My name is Mark Goodfield. Welcome to The Blunt Bean Counter ™, a blog that shares my thoughts on income taxes, finance and the psychology of money. I am a Chartered Professional Accountant and a partner with a National Accounting Firm in Toronto. This blog is meant for everyone, but in particular for high net worth individuals and owners of private corporations. The views and opinions expressed in this blog are written solely in my personal capacity and cannot be attributed to the accounting firm with which I am affiliated. My posts are blunt, opinionated and even have a twist of humor/sarcasm. You've been warned.

Monday, October 14, 2013

Qualifying Spousal Trusts – What are They and Why do we Care?

Last week I noted the concept of a qualifying spousal trust in my post on "When Spouses Don’t Leave All Their Assets to Each Other - The Income Tax Implications". The creation and use of spousal trusts can be very complicated, so I thought this week, I would have Katy Basi, an estate expert break down the topic. I just had no idea 88 Fingers Louie and brontosaurus burgers would be that integral to the explanation.

Qualifying Spousal Trusts- What are They and Why do we Care?

By Katy Basi


Whenever I am drafting wills for spouses, I’m usually on the receiving end of both a quizzical look, and a moment of silence, near the beginning of the first meeting.

My clients level a quizzical look at me when I tell them that their plan of leaving everything to each other, and then to their children, means that they are creating “just trust me” wills.

To illustrate this point, we run the scenario of Fred dying and leaving everything to Wilma. After a suitable period of grieving, Wilma marries Barney (I’ve assumed that Betty divorced Barney years ago and has been living it up in Cuba). In Ontario, marriage revokes a will, so Wilma is intestate. Understandably alarmed, she runs to her nearest estates lawyer and draws up a new will, leaving everything to Barney. Wilma is concerned about Barney, as he not skilled at saving for retirement and will need funds in his old age if Wilma predeceases him.

Hmmm. That’s when the moment of concerned silence arrives. Back when Fred and Wilma made their original wills, they were trusting each other to “do the right thing” in the future. Sometimes that works out! Sometimes, not so much.

How can we address this issue? There are three main options:

1) Call up a family lawyer. The family lawyer can draft a marriage contract requiring Fred and Wilma to keep their current estate plan regardless of future circumstances. This is a relatively expensive and time-consuming option, especially if the only goal is to manage estate issues.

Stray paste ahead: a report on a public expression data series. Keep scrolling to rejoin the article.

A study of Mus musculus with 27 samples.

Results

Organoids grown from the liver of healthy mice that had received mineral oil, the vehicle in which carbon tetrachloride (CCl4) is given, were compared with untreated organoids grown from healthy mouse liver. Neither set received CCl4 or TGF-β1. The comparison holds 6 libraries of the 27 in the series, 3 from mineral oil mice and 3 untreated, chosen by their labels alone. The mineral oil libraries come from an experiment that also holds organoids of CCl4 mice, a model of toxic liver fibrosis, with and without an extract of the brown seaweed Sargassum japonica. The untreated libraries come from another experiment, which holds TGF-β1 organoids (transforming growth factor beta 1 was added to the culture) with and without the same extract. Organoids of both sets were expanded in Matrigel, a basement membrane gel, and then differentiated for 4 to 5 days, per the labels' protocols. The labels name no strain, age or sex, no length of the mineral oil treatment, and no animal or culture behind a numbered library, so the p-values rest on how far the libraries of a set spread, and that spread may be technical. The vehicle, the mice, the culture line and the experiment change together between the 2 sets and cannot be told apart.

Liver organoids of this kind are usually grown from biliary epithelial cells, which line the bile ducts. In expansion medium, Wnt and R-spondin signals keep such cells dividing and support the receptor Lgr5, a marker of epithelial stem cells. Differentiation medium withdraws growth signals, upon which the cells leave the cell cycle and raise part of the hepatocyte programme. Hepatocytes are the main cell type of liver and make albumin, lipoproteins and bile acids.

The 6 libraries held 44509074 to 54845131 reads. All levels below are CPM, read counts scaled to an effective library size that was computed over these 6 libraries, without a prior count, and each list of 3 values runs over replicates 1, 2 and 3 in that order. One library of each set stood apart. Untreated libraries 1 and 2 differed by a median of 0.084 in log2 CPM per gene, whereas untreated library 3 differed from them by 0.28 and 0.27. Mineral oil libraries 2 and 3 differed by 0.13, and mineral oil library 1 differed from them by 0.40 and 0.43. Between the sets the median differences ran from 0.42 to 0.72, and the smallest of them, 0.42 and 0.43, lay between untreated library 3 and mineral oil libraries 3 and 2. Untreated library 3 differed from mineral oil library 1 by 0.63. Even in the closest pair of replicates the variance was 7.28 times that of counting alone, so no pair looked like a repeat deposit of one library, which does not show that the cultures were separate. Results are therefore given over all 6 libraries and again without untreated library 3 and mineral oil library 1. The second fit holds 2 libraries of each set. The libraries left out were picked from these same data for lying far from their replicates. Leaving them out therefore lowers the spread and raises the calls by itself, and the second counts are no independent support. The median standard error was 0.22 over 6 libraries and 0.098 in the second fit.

2) Create “mutual wills”. Mutual wills are essentially wills where Fred and Wilma promise not to change their wills in the future. I do not recommend mutual wills – they are fraught with legal uncertainty, and litigation abounds when mutual wills are in play.

3) Create “qualifying spouse trusts” (“QSTs”) in Fred and Wilma’s wills.

Let’s say that the residue of Fred’s estate was left to Wilma in a QST. If Fred dies first, a trustee (usually but not always the executor) will hold the residue in trust for Wilma. If there are funds left in the QST at Wilma’s death, it is Fred’s will that determines the distribution of the funds (not Wilma’s!) Upon Wilma’s death, Fred’s will instructs the trustee to divide the remaining funds among their children. This is starting to sound like a good idea!

A QST is a special kind of trust, with beneficial tax effects. When Fred dies, he is considered, for tax purposes, to have disposed of all of his assets at fair market value, and he will be taxable on any capital gains triggered by this disposition. There is an exception to this rule if Fred leaves his assets to Wilma, or to a QST. Fred is then considered to have disposed of his assets at his cost for tax purposes (so that no gain is triggered upon Fred’s death), and the QST is considered to have acquired the assets at that same cost. When Wilma dies, the QST will be considered to have sold its assets at fair market value, finally triggering any accrued capital gains. More or less, these are the same tax effects as if Fred had left the residue of his estate directly to Wilma.

So….we can use a QST in Fred’s will to provide for Wilma’s needs and take care of their children, without being disadvantaged from an income tax point of view. But how do we ensure that the QST functions effectively to protect Fred’s estate? On Wednesday, in Part 2 of this blog post I will address this issue and other practical questions such as how to ensure that the QST applies to the right assets.

The blogs posted on The Blunt Bean Counter provide information of a general nature. These posts should not be considered specific advice; as each reader's personal financial situation is unique and fact specific. Please contact a professional advisor prior to implementing or acting upon any of the information contained in one of the blogs. 

Katy Basi is a barrister and solicitor with her own practice, focusing on wills, trusts, estate planning, estate administration and income tax law. Katy practiced income tax law for many years with a large Toronto law firm, and therefore considers the income tax and probate tax implications of her clients' decisions. Please feel free to contact her directly at (905) 237-9299, or by email at katy@katybasi.com. More articles by Katy can be found at her website, katybasi.com.